Lexington, VA • Friday, May 05, 2006
Dean David Partlett has announced the establishment of the Transnational Law Institute, to be housed in the School of Law and to begin limited activities and planning next academic year. The Institute will have a rotating directorship and a board of advisers that includes faculty within and outside the School of Law. Professor Mark Drumbl will be the Institute’s first director.
"Our graduates face legal practice that is rapidly globalizing. The Institute will preserve W&L's long-standing tradition of teaching excellence and anchor it within this contemporary context,” said Drumbl. “It will also consolidate W&L's reputation as a dynamic scholarly force in international and comparative law."
Professor Mark Drumbl
The central goal of the Institute is to support and coordinate a variety of pedagogical methods that will contribute to the quality of the legal education the School of Law offers its students. One initiative is a writing-intensive Colloquium Seminar in Global Legal Studies. The Colloquium Seminar will provide a capstone course focusing on third-year academic legal writing. It will channel outside speakers into a coherent pedagogical strategy and involve student response to the written and oral work of distinguished scholars.
A second initiative involves assisting up to one or two students per year who may assume internships involving international or comparative law matters in organizations of their choice, such as the U.S. government, the United Nations, a public interest group, or any of the international courts. These students will be designated Institute Summer Associates, and two have already been named for summer 2006. Nick Devereux, Class of 2007, will serve as an intern for legal counsel to the U.S. House of Representatives International Relations Committee in Washington D.C., and Mohamed Younis, also Class of 2007, will serve as a trainee with African and Mid-East Refugee Assistance, a not-for-profit association in Cairo, Egypt.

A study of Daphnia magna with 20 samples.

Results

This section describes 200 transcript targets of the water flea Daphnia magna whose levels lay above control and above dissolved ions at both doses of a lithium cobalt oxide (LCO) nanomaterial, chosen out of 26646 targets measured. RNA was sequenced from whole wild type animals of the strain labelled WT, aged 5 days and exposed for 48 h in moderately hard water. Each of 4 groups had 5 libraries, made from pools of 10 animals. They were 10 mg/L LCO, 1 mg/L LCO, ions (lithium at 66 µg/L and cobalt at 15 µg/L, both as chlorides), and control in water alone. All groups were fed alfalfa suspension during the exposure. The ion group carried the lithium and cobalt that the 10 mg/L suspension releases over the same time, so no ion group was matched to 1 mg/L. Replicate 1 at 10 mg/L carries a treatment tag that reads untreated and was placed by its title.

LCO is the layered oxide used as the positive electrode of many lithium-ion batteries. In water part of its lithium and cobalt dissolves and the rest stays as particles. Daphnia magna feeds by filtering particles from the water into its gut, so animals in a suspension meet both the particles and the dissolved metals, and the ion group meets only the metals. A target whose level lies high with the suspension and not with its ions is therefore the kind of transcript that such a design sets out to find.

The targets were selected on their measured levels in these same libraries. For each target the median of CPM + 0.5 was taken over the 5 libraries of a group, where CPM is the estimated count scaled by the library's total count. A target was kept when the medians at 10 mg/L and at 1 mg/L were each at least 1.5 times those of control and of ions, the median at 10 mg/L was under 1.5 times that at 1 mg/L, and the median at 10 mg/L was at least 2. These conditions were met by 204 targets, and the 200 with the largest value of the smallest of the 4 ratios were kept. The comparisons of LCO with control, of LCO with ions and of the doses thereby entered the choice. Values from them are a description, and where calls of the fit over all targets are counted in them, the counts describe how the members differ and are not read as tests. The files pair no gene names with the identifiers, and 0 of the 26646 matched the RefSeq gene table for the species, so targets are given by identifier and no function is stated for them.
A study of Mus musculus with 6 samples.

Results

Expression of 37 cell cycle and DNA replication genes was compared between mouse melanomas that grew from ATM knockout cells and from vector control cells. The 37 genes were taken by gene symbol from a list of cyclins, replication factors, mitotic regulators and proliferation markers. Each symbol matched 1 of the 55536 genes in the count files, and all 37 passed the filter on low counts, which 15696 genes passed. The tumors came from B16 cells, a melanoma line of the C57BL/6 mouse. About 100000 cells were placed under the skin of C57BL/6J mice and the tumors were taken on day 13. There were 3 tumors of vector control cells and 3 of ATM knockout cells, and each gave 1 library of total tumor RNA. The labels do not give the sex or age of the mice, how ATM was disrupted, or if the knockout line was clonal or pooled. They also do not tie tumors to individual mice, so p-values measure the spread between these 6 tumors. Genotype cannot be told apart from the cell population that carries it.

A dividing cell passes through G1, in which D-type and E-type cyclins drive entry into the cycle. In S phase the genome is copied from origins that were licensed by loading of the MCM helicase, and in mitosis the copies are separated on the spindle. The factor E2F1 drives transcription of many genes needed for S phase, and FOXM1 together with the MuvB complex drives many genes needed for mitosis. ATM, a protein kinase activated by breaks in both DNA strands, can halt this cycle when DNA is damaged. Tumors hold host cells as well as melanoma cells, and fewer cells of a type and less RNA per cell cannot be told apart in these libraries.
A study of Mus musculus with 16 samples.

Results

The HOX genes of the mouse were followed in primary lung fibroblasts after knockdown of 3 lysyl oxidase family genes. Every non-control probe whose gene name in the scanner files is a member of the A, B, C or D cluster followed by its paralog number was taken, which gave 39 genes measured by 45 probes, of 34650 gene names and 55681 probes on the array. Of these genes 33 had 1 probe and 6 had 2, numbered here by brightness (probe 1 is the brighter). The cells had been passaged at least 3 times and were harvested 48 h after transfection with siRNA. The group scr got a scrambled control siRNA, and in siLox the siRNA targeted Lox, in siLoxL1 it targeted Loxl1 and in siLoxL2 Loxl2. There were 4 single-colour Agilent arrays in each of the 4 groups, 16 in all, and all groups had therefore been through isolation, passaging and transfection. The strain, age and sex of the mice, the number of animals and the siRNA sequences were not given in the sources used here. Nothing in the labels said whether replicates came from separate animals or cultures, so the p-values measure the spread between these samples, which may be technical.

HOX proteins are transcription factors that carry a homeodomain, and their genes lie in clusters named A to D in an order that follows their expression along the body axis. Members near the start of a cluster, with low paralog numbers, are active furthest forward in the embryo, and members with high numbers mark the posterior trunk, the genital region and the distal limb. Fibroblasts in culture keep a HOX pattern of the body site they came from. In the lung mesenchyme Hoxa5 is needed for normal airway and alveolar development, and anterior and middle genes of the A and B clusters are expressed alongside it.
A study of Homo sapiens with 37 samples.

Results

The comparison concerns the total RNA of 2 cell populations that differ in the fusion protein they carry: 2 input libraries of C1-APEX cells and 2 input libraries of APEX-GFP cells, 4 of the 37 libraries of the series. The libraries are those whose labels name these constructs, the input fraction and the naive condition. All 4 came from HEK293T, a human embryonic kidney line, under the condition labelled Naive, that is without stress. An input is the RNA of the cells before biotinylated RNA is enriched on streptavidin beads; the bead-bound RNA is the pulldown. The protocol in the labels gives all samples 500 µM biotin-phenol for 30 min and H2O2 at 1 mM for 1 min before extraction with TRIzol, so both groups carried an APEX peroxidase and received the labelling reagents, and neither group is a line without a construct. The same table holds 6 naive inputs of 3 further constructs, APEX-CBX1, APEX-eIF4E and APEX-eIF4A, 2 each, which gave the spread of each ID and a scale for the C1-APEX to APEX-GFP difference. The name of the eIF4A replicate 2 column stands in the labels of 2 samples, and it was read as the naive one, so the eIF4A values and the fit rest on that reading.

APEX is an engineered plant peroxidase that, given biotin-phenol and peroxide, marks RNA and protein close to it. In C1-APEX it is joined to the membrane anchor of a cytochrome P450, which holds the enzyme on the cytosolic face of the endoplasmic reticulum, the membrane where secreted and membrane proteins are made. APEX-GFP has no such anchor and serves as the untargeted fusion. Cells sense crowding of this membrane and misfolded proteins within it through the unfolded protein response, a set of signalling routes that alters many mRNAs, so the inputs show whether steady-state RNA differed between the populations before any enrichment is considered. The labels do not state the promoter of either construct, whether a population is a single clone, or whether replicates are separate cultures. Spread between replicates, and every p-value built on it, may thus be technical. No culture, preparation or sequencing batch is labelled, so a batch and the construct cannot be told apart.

A third initiative will be to serve as a coordinating mechanism for global scholars who will come to W&L for short periods of time to teach intensive courses. Other pedagogical initiatives under longer-term consideration include:
- offering a special course in which W&L students develop practical legal writing skills by drafting legal briefs and memoranda to be used by prosecutors or defense counsel in trials undertaken at the Iraqi High Tribunal (the entity prosecuting Saddam Hussein), the International Criminal Court, the Yugoslav or Rwanda Tribunals, the Sierra Leone Special Court, and domestic entities involved in counter-terrorism prosecutions;
- developing a practical fact– and transaction–based course, anchored to the traditional curriculum, that would present transnational legal issues in a client-based context to upper-year students.
The Institute also will serve to augment the scholarly life of the entire Washington and Lee community. Leading scholars and policymakers whose work will comprise the focus of the Colloquium Seminar also will be called upon to present their work to faculty assembled from each of the University's constitutive units.
More information about the Institute will be available soon on the School of Law website at http://law.wlu.edu.